Death carries such a strong stigma in China that the number 4 is widely avoided because it sounds like the Chinese word for death. Yet more than 5,000 new college graduates desperately seeking work swamped a recent job fair held by Shanghai's funeral industry.
A record 6.1 million graduates are turning to some unexpected careers that they might have spurned in boom years but that look promising in the slowing economy — everything from undertaker to public restroom attendant.
"There are still taboos about this business in China," says Cao Baofu, whose parents opposed his joining the Shanghai Yishan funeral home a decade ago. "So I was shocked we received 400 applications at the fair."
The global economic downturn is to blame, Cao says. "We've never had so many college graduates applying."
This flood of graduates worries China's leaders, who want to maintain stability. Students are trying to enter the workforce as millions of migrant workers are unemployed because of fewer manufacturing jobs. The government is counting on people to buy more goods to help the economy rebound.
Making the situation even more difficult, the new graduates are attempting to start their careers as 1 million graduates from last year are still looking for work. In recent months, the government has asked employers to create jobs and called on students to be less choosy where they work.
"College students, laid-off workers and migrant workers waiting for jobs are my biggest concern," Chinese Premier Wen Jiabao told job seekers at an employment center last month, according to the state-run Xinhua News Agency.
Wen urged students to choose jobs in rural areas. If they do, after a few years, they're promised entry to graduate school or residence permits to live in big cities.
Chinese officials are on "red alert" over unemployment, says Wang Kan, a lecturer at the China Institute of Industrial Relations in Beijing. "The government fears that unemployed university students and migrant workers protesting about lost jobs could create a real, independent labor movement. The graduates have knowledge, and the migrants have physical power."
Since the second half of 2008, Beijing has introduced several policies to create jobs as the economy slows. China's Labor Ministry vowed to find work for about 80% of the graduates, Xinhua says.
There are jobs out there for graduates willing to take them. After a national recruitment drive, two women were recently picked to be "Lavender Angels" to promote a town in south China that grows lavender.
In Nanjing in eastern China, a public restroom — named "fragrance" — limits its recruiting for an attendant to "a beautiful female" with a postgraduate degree or higher. When the city of Suzhou needed maintenance workers for 58 public restrooms, 870 people applied, including more than 40 college graduates.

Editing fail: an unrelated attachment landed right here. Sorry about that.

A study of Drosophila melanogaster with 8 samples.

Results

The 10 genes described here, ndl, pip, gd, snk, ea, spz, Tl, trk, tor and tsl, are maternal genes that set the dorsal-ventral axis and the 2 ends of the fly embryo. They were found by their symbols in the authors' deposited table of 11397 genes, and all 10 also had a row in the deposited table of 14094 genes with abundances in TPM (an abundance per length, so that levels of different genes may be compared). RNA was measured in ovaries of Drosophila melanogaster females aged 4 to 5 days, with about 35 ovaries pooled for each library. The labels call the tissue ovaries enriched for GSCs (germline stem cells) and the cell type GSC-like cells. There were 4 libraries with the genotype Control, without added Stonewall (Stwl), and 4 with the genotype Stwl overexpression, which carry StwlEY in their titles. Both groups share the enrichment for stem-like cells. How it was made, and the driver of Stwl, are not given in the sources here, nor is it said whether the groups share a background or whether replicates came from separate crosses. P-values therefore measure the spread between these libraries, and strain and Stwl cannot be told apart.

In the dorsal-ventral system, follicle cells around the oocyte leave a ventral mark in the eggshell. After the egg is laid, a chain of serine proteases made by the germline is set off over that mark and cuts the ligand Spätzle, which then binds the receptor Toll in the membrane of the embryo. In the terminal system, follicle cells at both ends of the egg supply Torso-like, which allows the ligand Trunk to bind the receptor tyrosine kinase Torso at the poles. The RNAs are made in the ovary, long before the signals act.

"It is easier than in previous years to recruit college students because of the severe job pressure," says Song Rui, manager of Sichuan Sisters, a nanny recruitment service in Chengdu in Sichuan province.
Zhao Guangxu, who majored in home economics, worked as a nanny the past two summers while in school and endured jokes from his friends. " 'How could a man do a women's job?' they asked me, no matter how hard I explained the advanced system of child care in Western countries," he says.
Zhao is head of recruitment for Sichuan Sisters and will hire 1,000 college students this summer — both women and men — to work in Beijing.
"My parents didn't like my major at first, but now they have seen the results. The most important factor was that one of my relatives went to America and did a similar job," says Zhao, 24. "I believe this industry has a bright future in China."
Choosing smaller companies
Graduates must be "less choosy and more reasonable and realistic," says Wang Jian, marketing manager at 51job.com, China's leading recruitment website. "In the past, all students wanted to work in Top 500 companies. Now I tell them to choose smaller, private companies."
The slowing economy is good news for Fu Chunbao, manager for a chain of stores that sells wedding dresses.
He had few takers last December when he was trying to hire sales clerks for his two Beijing stores. In June, applicants flocked to his booth at the Yonghegong job fair as Fu planned to open another store. "The economy is worse now, and there are fewer jobs, so I have more people to choose from," Fu says.
Trying for one of those jobs was Han Bing, 22, an advertising major who just graduated from Beijing Technical Vocational College. After attending 10 job fairs in June — and 10 interviews — Han has abandoned any hope of landing a career in advertising.
"If I can't find a suitable job in sales, then I'd consider working in a funeral parlor," Han says. "But I wouldn't tell my parents."